I’ve been reflecting on cultures this week, thinking about the depth and feel of a team, or system of care. The cultures we create make such a great difference to patients, staff and the ability to progress agendas.
I went searching online for a great short animation by the Foundation of Nursing Studies @FoNScharity, its a few years old now yet it sums up that culture is ‘how things get done around here’ its worth a watch https://youtu.be/cZyN_UZvYnQ
With ever greater complexity in our day to day lives it’s hardly surprising that cultures are complex, get a great one and its magic, an awful one by comparison means stress levels rise, people are anxious coming to work, keep their heads down when they are there and ultimately don’t stay, walking away.
The ‘Culture of Care Barometer Report’ published in 2015 provides a strong evidence base to reflect on cultures in organisations https://www.england.nhs.uk/wp-content/uploads/2015/03/culture-care-barometer.pdf its a helpful tool that we can use to ‘check the climate’ of our teams. The tool addresses 4 key elements that influence cultures:
Having the resources to do a good job and deliver quality care is challenging when finances are stretched nationally, but there is certainly significant support from senior leaders for us all to do a good job. And of course something that the NHS wins outright with is an opportunity to do a worthwhile job that really makes a difference to people’s lives. Having this ‘shared purpose’ to make a difference in society is a key motivator. The NHS also offers the opportunity to always be learning and developing our knowledge and skills, whether via mandatory training, annual updates, continuous professional development, academic study or research.
What’s essential clearly is our personal drive for improvement, creating the time to step back, reflect on our behaviours and actions and the part they play in the culture we function in. West et al. (2014) indicates that culture is co-created through the interactions, communications, influences and collaborations among members of an organisation or systems.
Bob Klaber this week talked about the power of ‘connectivity’ and the impact that this can have in building trust in the system in progressing a more ‘joined up’ approach to delivering healthcare, shifting us from a traditional medical model of healthcare to a more holistic approach that’s much more person centred, focusing on ‘what matters to you’ ie the person being cared for. Bob @BobKlaber and Mando @mandowatson have led Connecting Care for Children in West London, please do follow their work via @CC4CLondon. They are really shifting cultures, taking care closer to home and into GP Practices, they’re not only thinking but doing differently.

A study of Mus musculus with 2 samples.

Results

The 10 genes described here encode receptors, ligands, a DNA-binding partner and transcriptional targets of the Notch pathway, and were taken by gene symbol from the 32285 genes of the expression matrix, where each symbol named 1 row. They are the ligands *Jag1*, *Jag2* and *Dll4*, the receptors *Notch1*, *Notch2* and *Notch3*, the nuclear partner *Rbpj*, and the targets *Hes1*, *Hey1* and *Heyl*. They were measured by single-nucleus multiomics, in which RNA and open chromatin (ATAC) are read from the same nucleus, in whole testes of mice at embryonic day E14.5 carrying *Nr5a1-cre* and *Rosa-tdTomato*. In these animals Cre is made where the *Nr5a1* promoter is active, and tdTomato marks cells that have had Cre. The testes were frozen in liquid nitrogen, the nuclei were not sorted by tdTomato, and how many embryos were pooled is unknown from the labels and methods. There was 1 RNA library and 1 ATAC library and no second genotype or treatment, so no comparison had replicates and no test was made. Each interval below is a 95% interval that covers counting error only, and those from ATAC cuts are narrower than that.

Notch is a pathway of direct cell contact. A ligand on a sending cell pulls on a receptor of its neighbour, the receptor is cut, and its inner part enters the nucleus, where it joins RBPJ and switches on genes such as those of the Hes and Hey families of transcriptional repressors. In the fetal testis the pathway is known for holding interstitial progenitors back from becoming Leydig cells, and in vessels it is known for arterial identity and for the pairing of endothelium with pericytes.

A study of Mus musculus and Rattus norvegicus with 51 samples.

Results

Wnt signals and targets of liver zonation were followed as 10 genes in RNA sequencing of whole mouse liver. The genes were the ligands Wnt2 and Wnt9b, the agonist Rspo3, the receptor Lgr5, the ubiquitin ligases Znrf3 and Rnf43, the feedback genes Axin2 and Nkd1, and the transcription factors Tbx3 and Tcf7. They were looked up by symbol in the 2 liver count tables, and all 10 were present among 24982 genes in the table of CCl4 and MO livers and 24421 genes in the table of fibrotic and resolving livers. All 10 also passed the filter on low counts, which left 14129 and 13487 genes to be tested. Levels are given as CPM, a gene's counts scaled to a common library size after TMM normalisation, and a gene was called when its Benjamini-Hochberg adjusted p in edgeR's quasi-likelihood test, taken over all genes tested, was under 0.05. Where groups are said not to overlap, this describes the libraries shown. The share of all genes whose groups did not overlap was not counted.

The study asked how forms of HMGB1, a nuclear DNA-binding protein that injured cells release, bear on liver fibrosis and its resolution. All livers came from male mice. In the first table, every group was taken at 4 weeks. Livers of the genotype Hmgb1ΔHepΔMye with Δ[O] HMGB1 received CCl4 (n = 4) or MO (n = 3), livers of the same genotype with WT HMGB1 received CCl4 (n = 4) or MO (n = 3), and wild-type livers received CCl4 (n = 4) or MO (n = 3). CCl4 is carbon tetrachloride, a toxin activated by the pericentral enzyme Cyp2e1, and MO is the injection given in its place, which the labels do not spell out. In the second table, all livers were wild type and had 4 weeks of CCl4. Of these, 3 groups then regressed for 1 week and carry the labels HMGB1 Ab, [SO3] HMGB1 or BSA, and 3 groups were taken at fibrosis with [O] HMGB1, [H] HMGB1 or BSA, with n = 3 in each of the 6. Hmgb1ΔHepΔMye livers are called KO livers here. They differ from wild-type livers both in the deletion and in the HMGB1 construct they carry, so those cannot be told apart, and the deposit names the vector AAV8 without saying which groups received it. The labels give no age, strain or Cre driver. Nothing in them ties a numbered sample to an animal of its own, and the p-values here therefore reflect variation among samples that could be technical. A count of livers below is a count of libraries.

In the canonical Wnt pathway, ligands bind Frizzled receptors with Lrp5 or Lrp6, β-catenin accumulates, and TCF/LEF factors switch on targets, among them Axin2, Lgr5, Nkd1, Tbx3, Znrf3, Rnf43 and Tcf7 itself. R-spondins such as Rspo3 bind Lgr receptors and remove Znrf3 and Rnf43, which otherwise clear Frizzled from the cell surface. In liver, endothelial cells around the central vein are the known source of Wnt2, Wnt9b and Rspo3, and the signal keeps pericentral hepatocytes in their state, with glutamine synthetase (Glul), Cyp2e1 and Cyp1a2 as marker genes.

This week also saw our school nursing team employed by the local authority, the community nursing team employed by a local community and mental health trust, along with ward based staff from the paediatric ward and NICU unit supporting Ruth May on a visit to a local primary school. This collaborative and connected approach of health teams working together with schools is something we need to keep growing.
Then there was the Partnership Board led by a Local Authority, together with the Lead Councillor for Children, the Young Mayor, we all discussed the Children and Young People’s plan for the years ahead. The local head teachers discussed how we can secure system wide support for this the pupil survey, ensuring young people who aren’t in school have an opportunity to contribute too, we were able to plug the need for few more health related questions to help young people understand the services around them.
There was also the joy of attending the @Cavelltrust conversation with Teresa Chinn on Wednesday, discussing how nurses could support each other more on social media and the positive culture we can create whilst being true to ourselves. We’re all looking forward to supporting this years 10k for Nurses challenge https://www.cavellnursestrust.org/10kfornurses/
Cultures are clearly the result of our behaviours and actions, we can help others to flourish and thrive or we can make things difficult. I know the type of team, organisation, system, I’d rather work in but I have to take responsibility and know that I have a part to play ….
One thought on “Creating cultures that deliver great care, involve everyone, work to continuously improve, recognise and value staff, and grow connectivity…”
This demonstrates such valuable and proactive work and effective coordination. of multi disciplinary team work at its best. Thank you for sharing a thought provoking article.